Only the occasional squeaking shuffle of the security guard interrupted the airport’s sleepy silence. James had purposely sat as far away from the clock as he could once he retrieved his suitcase in order to maintain a stringy grip on his nerves which contrasted starkly with his white knuckled grip on the handle. His phone sat in a neighboring, equally uncomfortable seat with the ease of an old school diva on a chaise lounge in dark, dormant slumber. The early hour itched with him with weight, as hefty as Atlas’s burden, or perhaps it was the Texas heat long past the sun’s bedtime that had him shifting his shoulders in discomfort. With a resigned groan, James let his head fall flat against his hands that still held fast to the adjustable handlebar, which caused it to stagger down in height.
It had been nearly five years since he had come home…nearly five years of running, skirting, and outright hiding but he had finally depleted his resource of excuses, of lies. Like a credit card, they were brutally declined by the people he had left behind when they rang up the two life events one couldn’t politely put aside: a funeral and a wedding. His twin sister, Katherine was finally getting married (though their cousin would say settling for) to her high school sweetheart…that was planned. What hadn’t been scheduled was the death of their father four days earlier, mere weeks before he was to walk his daughter down the aisle. The only plus side James could see in this entire situation was that at least the family would already be together for both events so there was no more need of travel, in fact the only reason they hadn’t had the funeral yet was because they were waiting on him.
After high school James had gone overseas to attend college…or at least that’s what everyone thought. There was some truth to it as he did take a few classes, but with other expenses building up he had to put a temporary hold on his diploma in order to pay off those. Once he had at least half those bills paid and gained another part time job, he started online classes that would go towards his degree in animation. He had a couple semesters left before he could graduate…after that, he wasn’t sure what he’d do. Ultimately, it would likely depend on how this little trip went if he ever came back to his hometown.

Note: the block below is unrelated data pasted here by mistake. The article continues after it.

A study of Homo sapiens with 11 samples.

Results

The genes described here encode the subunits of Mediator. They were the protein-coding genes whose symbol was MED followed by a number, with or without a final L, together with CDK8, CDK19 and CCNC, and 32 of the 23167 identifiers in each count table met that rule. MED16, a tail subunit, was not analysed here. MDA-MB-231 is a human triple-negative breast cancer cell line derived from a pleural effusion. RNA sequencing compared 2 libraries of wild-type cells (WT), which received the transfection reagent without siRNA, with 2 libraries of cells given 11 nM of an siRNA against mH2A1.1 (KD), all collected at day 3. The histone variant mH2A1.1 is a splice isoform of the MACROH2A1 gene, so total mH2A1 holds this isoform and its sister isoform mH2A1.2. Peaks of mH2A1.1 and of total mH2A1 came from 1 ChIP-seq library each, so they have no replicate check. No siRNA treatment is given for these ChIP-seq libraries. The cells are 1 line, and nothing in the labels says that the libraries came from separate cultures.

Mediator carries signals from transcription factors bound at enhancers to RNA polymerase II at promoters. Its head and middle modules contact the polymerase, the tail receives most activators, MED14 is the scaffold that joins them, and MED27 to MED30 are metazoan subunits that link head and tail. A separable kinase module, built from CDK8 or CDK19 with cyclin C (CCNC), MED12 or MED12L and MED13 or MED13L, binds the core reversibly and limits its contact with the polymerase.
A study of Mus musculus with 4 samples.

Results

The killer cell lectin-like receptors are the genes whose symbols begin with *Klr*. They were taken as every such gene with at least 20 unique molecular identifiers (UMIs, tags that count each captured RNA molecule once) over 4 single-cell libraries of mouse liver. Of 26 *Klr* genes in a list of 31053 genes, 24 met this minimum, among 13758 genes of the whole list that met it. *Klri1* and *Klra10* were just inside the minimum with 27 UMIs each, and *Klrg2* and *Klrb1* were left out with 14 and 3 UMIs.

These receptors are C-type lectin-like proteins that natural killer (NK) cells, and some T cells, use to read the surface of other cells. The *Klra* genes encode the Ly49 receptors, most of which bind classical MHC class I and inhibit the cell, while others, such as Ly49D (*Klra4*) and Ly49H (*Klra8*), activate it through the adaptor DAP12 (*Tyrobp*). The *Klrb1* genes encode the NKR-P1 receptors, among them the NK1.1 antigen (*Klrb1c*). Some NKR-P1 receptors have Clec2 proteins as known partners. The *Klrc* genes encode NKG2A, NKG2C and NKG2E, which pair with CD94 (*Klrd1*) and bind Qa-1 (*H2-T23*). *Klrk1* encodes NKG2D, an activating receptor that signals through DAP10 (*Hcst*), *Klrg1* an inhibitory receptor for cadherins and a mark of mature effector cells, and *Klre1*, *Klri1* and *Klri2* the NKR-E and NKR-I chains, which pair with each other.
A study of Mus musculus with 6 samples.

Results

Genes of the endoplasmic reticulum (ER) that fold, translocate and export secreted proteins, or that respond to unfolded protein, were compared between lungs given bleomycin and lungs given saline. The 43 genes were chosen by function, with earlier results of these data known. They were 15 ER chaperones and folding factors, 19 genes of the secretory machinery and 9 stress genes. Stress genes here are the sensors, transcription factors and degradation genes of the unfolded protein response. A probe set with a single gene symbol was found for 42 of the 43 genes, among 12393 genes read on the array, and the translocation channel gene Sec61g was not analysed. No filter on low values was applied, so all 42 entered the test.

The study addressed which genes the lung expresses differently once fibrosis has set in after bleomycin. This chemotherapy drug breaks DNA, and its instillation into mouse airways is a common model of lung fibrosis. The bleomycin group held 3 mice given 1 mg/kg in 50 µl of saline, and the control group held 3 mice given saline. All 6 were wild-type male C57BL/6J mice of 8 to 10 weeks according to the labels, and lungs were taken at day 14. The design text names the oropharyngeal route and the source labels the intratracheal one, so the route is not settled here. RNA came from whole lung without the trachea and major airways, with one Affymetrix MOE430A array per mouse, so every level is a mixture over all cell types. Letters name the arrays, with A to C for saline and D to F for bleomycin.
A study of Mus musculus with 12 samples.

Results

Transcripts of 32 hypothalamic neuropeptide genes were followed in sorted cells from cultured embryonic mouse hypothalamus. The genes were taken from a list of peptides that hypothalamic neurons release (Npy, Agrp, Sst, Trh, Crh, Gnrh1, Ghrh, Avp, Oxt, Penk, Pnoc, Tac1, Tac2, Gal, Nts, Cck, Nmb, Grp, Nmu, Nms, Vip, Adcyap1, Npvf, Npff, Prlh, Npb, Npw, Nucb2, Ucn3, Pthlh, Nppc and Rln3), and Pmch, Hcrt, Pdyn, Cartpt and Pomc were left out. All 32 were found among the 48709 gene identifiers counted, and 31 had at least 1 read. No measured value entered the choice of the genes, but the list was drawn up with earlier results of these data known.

Straightening up proved temporary as he soon slouched in the opposite direction and his shoulder hit the top of the chair in a jarring manner. His hands remained fast to the handle, prompting the suitcase to shuffle with him. In the fluorescent lighting, James almost missed the flash of his phone and he snatched it up with a ferocity Gollum would be proud of. It was a text from Katherine…they would be here in ten minutes to pick him up. The news ejected a jittery sigh that reverberated throughout his ribcage and sounded more like a gasp than anything. Tilting his head back so it hit the wall, the phone was pressed against his thigh, screen down. The two of them had been close growing up but as the years passed they drifted like sea debris, yet underneath it all there was still a weird understanding that remained. James just didn’t know how understanding she’d be when she found out. Out of his entire family, she had been one he was closest to.
Like an old house, the foundation of his family was brittle, crumbling and the only thing that kept it together was a fresh dose of DIY repair work that never fully fixed the problems. Theirs was built on secrets, taut-lipped silences, and festering, lingering emotions that bubbled in cauldrons like poison but refused to pop. On the outside it was as pretty as a makeup tutorial’s final product, pretty, polished…normal. Bubbles would burst before he even left the airport terminal and he could only hope the noxious fumes wouldn’t kill them all. The death of his father was being packed away in a manner similar to an attendant shoving an oversized suitcase in the overhead compartment, all the while using their entire weight to keep the door closed. James didn’t even want to contemplate it, as his thoughts and worries were laser focused on the living that he couldn’t spare a strand for the deceased. Eclipsing all of this was a cloak of anxiety that threatened to suffocate him, as though the clasp had been pulled too tight as it hugged his throat. The Bermuda triangle never looked more appealing.
He didn’t look forward to the questions, the accusations, the tears, the anger, the confusion, the rejection, the inevitable hurt. His mother would be disappointed, his future brother-in-law disgusted, and his younger brother may feel betrayed, Katherine…well, that’d be the wild card and this was just his immediate family. But most of all, he couldn’t stand the thought of being near Sarah again. She had been someone he hated from the beginning, although no one else appeared to get the message, and growing up he couldn’t get away from her. She wore existence like an ill-fit costume, awkward and uncomfortable in all that she did. Her presence lingered like the ghost of a bad odor at the back of his mouth to this day…but his family had insisted she was good for him. The click clack of Kohl’s heels registered only a moment before stopping just a few feet away, causing his head to snap towards the sound. James recognized Katherine in her mossy coat, her brows furrowed as she gazed at his face.
“Excuse me Sir, but have you seen a young woman? You see, my sister’s plane landed not that long ago but I can’t find her anywhere.” His stomach dropped harder than cement shoes as he struggled to find a suitable answer. At long last…Sarah had caught up with him.